Trilby is a good novel with many flaws. One is that the author, George Du Maurier, the grandfather of the romantic novelist Dame Daphne Du Maurier (1907-1981), placed French sayings, parts of conversations, and even significant sentences and paragraphs in French, several times on every single page of his tale, making it impossible for non-French speakers to get the entire gist of what is happening. Another fault is that the characters in the tale are either entirely good and even noble and extremely likeable, while the villain, Svengali, is very bad, despicably bad, so bad that his name is used today for a monster of a man who tries to dominate and control women. But the worse flaw in the novel is its anti-Semitic portrayal of the Jew Svengali, who many scholars are convinced inspired Bram Stoker when he wrote his book Dracula. Both Svengali and Dracula can dominate and manipulate women, force them to do what they want the women to do against their will, and to do so in a manner that enhances the controller’s goal while harming the women who do what is demanded in a trance-like fugue. Du Maurier was also an illustrator for the periodical Punch and other magazines. He added his drawings to his published novel Trilby, and the drawings of Svengali are similar to those used by the Nazis, in their demeaning and dehumanizing of Jews.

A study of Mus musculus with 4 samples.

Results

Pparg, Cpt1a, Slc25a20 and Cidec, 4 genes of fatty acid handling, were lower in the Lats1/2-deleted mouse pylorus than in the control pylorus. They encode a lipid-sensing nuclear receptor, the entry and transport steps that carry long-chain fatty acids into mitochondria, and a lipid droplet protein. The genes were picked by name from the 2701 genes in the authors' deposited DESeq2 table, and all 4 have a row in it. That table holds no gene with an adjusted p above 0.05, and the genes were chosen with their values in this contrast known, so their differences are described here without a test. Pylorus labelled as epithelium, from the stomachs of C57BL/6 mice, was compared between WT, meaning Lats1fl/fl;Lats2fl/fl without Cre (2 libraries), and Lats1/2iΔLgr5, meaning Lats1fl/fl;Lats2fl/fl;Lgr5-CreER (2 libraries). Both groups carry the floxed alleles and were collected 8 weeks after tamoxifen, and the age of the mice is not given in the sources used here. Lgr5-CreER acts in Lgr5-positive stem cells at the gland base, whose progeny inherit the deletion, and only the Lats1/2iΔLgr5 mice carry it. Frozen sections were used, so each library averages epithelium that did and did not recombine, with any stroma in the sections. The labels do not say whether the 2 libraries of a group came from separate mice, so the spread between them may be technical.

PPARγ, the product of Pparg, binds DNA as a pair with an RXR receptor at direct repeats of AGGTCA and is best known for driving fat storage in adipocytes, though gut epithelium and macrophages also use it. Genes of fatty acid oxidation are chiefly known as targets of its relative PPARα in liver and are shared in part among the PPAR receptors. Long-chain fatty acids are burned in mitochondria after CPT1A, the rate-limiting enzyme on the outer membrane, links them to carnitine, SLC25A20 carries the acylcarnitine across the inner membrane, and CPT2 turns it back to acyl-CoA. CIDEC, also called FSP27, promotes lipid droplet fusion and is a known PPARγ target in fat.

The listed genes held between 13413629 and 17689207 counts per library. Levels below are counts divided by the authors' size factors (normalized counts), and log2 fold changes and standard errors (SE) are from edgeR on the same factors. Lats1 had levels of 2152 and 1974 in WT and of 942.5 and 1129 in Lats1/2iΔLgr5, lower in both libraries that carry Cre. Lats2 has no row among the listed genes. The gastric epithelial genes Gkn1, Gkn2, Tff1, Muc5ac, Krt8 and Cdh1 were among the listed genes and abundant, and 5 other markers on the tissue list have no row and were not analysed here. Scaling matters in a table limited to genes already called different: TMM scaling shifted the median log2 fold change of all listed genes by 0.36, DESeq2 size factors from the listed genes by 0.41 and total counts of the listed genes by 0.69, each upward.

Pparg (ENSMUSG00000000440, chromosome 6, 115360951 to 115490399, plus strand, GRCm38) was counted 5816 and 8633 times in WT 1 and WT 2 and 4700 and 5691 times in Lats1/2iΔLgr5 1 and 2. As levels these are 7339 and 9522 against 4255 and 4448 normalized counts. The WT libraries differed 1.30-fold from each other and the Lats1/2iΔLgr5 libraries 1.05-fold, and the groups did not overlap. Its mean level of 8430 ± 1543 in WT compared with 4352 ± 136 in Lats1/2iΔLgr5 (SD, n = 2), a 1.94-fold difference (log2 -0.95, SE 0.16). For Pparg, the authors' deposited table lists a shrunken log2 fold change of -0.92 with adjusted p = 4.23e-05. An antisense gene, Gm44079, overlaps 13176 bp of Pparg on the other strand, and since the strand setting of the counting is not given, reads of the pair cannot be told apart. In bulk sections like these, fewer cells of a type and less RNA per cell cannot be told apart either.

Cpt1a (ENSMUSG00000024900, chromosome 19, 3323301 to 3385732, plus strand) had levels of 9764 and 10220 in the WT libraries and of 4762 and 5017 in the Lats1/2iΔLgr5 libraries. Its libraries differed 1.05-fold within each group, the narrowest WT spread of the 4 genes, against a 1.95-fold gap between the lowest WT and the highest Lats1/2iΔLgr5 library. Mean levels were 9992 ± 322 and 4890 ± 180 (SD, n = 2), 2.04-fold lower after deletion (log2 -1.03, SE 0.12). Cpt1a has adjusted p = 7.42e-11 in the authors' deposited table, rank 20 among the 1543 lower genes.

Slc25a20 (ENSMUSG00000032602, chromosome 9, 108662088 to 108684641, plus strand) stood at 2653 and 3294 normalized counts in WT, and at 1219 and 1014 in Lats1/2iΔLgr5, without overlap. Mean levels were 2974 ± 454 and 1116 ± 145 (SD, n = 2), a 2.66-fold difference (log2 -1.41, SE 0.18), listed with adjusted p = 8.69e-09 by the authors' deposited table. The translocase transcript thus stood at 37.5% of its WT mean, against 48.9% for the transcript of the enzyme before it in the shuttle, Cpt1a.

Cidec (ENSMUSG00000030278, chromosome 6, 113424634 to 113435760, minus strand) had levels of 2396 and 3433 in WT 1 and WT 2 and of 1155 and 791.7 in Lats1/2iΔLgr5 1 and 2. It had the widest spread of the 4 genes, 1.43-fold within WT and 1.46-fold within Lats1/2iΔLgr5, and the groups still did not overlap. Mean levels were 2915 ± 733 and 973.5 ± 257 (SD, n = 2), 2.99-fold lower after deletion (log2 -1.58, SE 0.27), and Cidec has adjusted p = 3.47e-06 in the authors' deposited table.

Du Maurier (1834-1896) was the author of three books. Trilby was his second and only successful novel. It was published in book form, after being serialized the prior year, a play based on the book was performed the same year, and films were made of the novel in later years. I saw both films and neither describes or even hints that Svengali is Jewish. In its day, Trilby was the second best-selling novel, second only to Bram Stoker’s Dracula. Trilby is set in the 1850s in the Latin Quarter of Paris, France.

The novel has in essence two interlocking plots. The first is the thwarted love between two innocents, pure-minded, trusting youths, Trilby age 17 or 18, a naked model for painters and sculptors, and Little Billie, a painter, about the same age. The two love each other but Trilby and Little Billie’s mother, but not Little Billie himself, feel she is unfit for Little Billie because she is from a lower class of society. Trilby loved to sing the one song she knew, but she was a terrible singer.

The second plot focuses on Svengali. He is a master musician and hypnotist. He gains control over the life and thoughts of Trilby through hypnotism and transforms her into the greatest diva of her time. She sang gloriously in hypnosis, but only while she was in a trance. Whenever Du Maurier mentions Svengali he disparages him, and usually reminds readers that he is a Jew. Svengali is between age 30 and 40. He is sinister looking, shabby, unbathed, dirty, with lusterless hair, yellow teeth, insolent black eyes, a beard that grew from under his eyelids, has a mean and harsh voice and his words sound ghastly. He constantly borrows money and never repays what he borrowed. When he has Trilby under his control and has enslaved her, he tells everyone that she is his wife and calls her La Svengali, but tells Trilby that he is married and has children, and cannot marry her; both statements are lies; he is not married. (Du Maurier does not explain why this information about his lie to Trilby is placed in the book. It is likely that it is hinting that he has had sex with her.)